The holidays are often seen as the happiest time of year. However, facing the holidays while in eating disorder recovery can bring you anxiety instead of joy. Thanksgiving, Christmas, and New Year’s Eve all emphasize food and family gatherings.
Know that it is possible to manage eating disorder thoughts and behaviors, even with all the potential triggers that come with holiday parties and gatherings. Here are some tips for maintaining your recovery.
1. Anticipate Potential Challenges
When you experience a trigger or problem, it can be difficult to know what to say or do in the moment. Reviewing potential situations beforehand can help. Talk to your support system and therapist about challenges that may come and how to handle them effectively. Some potential situations might include:
- Feeling anxious about the amount of food available at a party or family gathering
- Being triggered by a certain type of food that you previously restricted
- Comments from relatives about your appearance or weight
- Guests commenting on their own weight or the amount of food they’re eating
- Pressure from family to eat the food they’ve prepared
2. Prepare a Response to Triggers
Although you cannot control triggers, you can prepare a response in advance. This will help prevent relapse into eating disorder thoughts or behaviors when a stressful situation arises. Practice how you will respond so it comes more easily during the moment.
For example, when your aunt comments on how thin you look, you can say, “I know you mean that as a compliment, but I’d rather not talk about my weight or appearance. I avoid focusing on these as part of my recovery process.” If you find yourself overwhelmed by a buffet of food, practice mindful eating. If you find yourself panicking over what you’ve eaten, practice the coping skills you’ve learned in therapy.
Also pick trusted people you can reach out to for support if needed. Talking to someone about the triggers can help you work through them.
3. Have a List of Calming Techniques
If you find yourself overwhelmed or panicking, go to your list of calming techniques. These may include:
- Going for a walk alone or with a loved one
- Listening to relaxing music
- Repeating positive affirmations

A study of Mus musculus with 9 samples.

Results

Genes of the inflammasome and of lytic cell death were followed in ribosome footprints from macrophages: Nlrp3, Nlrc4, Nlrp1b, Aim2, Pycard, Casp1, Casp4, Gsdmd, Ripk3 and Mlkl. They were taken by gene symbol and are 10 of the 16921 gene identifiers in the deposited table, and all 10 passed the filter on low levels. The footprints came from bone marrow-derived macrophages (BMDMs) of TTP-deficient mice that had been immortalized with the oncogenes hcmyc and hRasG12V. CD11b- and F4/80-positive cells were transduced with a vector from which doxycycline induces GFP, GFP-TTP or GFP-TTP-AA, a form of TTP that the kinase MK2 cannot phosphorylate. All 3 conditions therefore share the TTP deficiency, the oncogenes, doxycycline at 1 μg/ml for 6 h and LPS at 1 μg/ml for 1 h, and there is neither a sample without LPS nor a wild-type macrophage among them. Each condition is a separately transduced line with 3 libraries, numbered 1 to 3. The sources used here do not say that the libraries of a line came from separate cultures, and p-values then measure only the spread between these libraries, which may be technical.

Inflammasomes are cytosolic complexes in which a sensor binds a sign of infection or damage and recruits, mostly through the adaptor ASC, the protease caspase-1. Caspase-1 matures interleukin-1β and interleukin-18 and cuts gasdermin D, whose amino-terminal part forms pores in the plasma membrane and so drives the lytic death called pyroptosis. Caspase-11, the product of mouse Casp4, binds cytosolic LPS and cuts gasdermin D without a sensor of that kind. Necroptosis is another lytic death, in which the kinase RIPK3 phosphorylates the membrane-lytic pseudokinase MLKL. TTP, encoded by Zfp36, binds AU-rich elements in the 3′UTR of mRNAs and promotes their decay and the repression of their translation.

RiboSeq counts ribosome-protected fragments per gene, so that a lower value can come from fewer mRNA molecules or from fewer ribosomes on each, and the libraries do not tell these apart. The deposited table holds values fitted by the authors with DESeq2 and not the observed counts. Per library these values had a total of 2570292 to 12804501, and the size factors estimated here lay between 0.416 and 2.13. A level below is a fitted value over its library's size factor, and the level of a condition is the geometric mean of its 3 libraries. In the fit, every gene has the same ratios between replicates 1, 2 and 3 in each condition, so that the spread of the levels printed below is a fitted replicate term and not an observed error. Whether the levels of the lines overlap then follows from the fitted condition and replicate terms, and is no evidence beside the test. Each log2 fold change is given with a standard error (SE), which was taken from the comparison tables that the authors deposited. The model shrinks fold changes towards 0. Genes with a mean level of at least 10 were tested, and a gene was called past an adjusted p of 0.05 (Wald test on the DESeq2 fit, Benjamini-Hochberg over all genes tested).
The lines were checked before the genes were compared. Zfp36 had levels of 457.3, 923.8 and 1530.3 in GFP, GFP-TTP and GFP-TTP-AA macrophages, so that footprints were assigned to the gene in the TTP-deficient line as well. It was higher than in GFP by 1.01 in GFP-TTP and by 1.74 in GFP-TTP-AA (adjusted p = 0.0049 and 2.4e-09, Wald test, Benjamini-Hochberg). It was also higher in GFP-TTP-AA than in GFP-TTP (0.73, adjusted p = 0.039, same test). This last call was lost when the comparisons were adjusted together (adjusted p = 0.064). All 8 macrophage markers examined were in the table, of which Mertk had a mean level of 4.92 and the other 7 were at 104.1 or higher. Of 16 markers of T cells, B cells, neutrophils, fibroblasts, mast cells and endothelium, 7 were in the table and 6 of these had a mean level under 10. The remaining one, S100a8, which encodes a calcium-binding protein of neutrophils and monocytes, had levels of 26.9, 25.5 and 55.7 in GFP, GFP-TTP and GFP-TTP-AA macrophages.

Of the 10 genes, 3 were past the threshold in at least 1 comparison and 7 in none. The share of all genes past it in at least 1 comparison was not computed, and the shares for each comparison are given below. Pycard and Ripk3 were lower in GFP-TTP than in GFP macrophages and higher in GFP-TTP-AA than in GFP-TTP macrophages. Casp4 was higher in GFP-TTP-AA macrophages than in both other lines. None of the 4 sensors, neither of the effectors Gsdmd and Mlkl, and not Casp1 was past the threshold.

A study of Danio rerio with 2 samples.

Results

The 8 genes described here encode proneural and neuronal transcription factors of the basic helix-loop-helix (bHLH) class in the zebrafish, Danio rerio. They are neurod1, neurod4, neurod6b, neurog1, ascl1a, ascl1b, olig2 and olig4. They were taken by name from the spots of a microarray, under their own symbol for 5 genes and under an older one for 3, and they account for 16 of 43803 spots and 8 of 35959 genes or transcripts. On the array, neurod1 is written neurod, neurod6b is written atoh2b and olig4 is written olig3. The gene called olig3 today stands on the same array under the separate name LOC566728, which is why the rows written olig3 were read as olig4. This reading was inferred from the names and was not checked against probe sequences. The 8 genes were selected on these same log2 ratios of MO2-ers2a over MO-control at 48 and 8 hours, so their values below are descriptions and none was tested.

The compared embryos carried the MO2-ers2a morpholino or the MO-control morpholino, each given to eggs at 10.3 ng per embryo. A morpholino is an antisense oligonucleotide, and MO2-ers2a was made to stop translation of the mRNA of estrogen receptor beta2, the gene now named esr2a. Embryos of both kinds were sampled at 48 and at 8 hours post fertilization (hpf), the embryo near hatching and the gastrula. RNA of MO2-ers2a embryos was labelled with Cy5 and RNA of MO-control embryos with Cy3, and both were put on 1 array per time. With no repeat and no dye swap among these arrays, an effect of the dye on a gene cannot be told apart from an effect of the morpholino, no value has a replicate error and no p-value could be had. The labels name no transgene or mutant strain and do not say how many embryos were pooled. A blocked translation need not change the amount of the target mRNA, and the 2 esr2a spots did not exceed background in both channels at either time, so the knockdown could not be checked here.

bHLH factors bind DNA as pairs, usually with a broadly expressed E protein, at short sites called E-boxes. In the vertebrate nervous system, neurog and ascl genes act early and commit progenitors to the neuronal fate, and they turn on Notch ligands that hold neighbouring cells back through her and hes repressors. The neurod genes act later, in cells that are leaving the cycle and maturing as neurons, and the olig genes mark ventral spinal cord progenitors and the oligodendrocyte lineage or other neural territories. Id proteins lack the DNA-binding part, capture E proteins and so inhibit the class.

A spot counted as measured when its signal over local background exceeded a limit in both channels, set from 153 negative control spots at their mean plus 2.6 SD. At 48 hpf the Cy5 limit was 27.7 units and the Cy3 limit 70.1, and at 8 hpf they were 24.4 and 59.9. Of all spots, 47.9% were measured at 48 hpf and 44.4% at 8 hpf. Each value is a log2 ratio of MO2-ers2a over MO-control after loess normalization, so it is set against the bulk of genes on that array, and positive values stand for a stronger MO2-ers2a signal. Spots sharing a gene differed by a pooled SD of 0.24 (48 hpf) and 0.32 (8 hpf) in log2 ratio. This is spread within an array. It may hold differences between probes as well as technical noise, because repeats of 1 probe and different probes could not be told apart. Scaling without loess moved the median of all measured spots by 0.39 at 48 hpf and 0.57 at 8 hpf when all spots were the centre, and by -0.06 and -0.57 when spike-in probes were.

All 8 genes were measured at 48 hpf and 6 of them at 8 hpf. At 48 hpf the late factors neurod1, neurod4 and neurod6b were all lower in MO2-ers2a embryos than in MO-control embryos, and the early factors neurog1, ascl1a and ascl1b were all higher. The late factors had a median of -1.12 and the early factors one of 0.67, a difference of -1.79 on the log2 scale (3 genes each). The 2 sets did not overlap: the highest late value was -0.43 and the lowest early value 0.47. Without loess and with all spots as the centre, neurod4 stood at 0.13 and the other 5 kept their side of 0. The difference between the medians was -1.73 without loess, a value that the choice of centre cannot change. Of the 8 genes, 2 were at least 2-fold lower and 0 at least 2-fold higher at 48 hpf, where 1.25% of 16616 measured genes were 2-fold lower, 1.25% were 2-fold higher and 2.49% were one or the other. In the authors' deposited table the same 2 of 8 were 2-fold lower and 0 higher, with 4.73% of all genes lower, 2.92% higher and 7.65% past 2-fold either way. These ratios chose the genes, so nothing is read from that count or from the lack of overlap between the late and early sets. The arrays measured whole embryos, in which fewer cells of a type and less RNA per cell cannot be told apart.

- Doing breathing exercises or yoga
- Creating artwork
Positive distractions that keep you engaged with your family and friends can also be beneficial. You can take photos or videos of the event, participate in a party game, or play with the little kids. You can even start a meaningful tradition not centered around food, such as organizing a toy drive or service activity. These types of distractions not only get you through emotions but also strengthen your social connections, a vital component to recovery. They also remind you of the true focus of the season.
4. Set and Keep Boundaries
Boundaries can be hard to implement, but they protect you from unsafe people and places. Set boundaries concerning which celebrations you will attend, how long you will stay, whom you will converse with, and what topics you will talk about or listen to. Have a reply ready in case of inappropriate comments about your appearance or eating habits. Also prepare an excuse when you need to leave a party or get out of an uncomfortable conversation.
5. Enjoy the Moment
No matter what you are doing, be present. Really listen during conversations. Be aware of how comforting a warm hug from a favorite relative feels. Eat mindfully to make it more enjoyable. Staying connected to each moment takes practice but can help your mind calm down.
6. Keep Moving Forward
Despite your best efforts, you may slip into old thoughts and behaviors. Focus on the tiny wins you had and review the situation so you can know how to do better next time. Then move on. Stay hopeful and optimistic despite obstacles.
Management of eating disorders during the holidays may not go perfectly, and that is okay. Remember that recovery is an ongoing process. Even if you relapse into old thoughts or behaviors, you can still get back on track with the help of your therapists and support system.
If you need additional assistance with recovery, consider Seeds of Hope. We have a variety of eating disorder treatment programs, including a therapeutic residential center and various outpatient programs. Give us a call today or fill out a contact form on our website.